John Tradescant the younger
THE 2 JOHN TRADESCANT’s
John the elder and John the younger are well known and respected within UK gardening history as both are attributed with having introduced many plants to our Isles that we still enjoy in our gardens today. Both Tradescants were employed as gardeners (between 1570 to 1662) in various large houses in the South of England, including Royal gardens. It is this connection with the English nobility that afforded them both the opportunity to travel overseas, search out unknown plant specimens and bring these back to our shores. It is interesting to note that the Tradescants were both of English birth but possibly having a past family connection originating from France. Neither John Tradescant had connections with the Netherlands as is often mentioned.
John the elder mainly amassed his ‘overseas’ plant collection via friends’ donations and there is divided thought on how often he travelled and returned to England with new plant introductions; it is recorded that he did indeed travel to other countries on many occasions although little is known of his finds.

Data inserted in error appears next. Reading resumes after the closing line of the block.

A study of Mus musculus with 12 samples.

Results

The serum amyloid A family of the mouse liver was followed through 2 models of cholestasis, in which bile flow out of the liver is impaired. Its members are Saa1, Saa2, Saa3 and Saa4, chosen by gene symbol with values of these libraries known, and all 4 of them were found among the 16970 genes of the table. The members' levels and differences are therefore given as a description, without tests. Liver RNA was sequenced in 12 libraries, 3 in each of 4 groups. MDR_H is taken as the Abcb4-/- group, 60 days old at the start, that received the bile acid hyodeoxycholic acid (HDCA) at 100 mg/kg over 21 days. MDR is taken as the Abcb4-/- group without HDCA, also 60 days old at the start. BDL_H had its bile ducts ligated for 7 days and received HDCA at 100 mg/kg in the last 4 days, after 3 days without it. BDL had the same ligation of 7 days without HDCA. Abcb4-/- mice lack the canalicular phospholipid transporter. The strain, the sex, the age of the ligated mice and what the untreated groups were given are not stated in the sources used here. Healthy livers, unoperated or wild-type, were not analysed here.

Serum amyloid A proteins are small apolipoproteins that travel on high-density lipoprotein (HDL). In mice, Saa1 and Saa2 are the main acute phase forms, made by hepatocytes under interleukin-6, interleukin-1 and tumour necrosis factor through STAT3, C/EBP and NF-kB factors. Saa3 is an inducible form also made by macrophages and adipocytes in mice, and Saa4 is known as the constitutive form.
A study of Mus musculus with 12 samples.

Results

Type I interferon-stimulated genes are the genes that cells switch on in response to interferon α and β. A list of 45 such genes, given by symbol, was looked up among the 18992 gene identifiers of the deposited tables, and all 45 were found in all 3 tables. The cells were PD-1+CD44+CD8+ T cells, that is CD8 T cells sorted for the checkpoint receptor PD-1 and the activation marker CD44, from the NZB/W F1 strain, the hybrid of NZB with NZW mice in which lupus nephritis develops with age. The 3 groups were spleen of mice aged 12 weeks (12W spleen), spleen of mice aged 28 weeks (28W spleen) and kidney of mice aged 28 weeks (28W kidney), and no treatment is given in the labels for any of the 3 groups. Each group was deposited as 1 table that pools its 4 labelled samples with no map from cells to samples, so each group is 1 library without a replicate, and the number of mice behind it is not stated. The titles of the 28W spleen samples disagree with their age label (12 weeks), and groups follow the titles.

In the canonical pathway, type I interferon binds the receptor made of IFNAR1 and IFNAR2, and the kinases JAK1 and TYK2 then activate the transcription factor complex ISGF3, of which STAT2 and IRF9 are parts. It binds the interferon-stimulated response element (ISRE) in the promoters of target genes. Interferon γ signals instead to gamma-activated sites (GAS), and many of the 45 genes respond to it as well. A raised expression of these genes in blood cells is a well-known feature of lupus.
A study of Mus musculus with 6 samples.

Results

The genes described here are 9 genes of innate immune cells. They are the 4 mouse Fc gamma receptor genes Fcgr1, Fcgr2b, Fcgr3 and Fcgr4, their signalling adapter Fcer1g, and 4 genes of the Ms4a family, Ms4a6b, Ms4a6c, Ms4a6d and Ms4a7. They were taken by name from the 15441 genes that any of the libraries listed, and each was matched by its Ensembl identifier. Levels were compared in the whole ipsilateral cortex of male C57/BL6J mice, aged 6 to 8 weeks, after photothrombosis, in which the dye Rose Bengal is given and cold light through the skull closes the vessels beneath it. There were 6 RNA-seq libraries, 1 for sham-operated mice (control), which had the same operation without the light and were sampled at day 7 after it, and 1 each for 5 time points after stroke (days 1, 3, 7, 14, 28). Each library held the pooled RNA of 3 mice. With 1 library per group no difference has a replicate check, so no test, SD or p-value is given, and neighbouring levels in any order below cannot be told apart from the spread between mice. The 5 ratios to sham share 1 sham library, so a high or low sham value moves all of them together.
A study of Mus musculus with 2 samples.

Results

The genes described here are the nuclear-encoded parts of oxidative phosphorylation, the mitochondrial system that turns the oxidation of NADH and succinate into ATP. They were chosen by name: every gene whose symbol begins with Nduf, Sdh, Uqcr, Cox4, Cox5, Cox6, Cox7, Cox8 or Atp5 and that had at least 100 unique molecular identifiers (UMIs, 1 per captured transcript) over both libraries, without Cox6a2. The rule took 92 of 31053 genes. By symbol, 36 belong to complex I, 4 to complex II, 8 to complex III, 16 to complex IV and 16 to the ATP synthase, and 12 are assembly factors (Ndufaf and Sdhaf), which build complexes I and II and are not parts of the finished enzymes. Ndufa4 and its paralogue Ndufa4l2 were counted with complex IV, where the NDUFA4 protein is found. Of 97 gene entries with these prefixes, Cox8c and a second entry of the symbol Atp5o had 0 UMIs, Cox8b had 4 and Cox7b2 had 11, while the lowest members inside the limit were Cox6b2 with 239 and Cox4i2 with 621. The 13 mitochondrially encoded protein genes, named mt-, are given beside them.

John Tradescant the younger is accredited with introducing the pelargonium genera to the UK; although for a good couple of hundred years the different types of pelargoniums were all referred to as geraniums and it is this original naming that created the continuing mix up. He is also known to have brought back many trees, shrubs and perennials that we still enjoy today.
On his death in 1662 John the younger was buried alongside his father at the churchyard of St Mary at Lambeth and it is here that you will find the Museum of Garden History.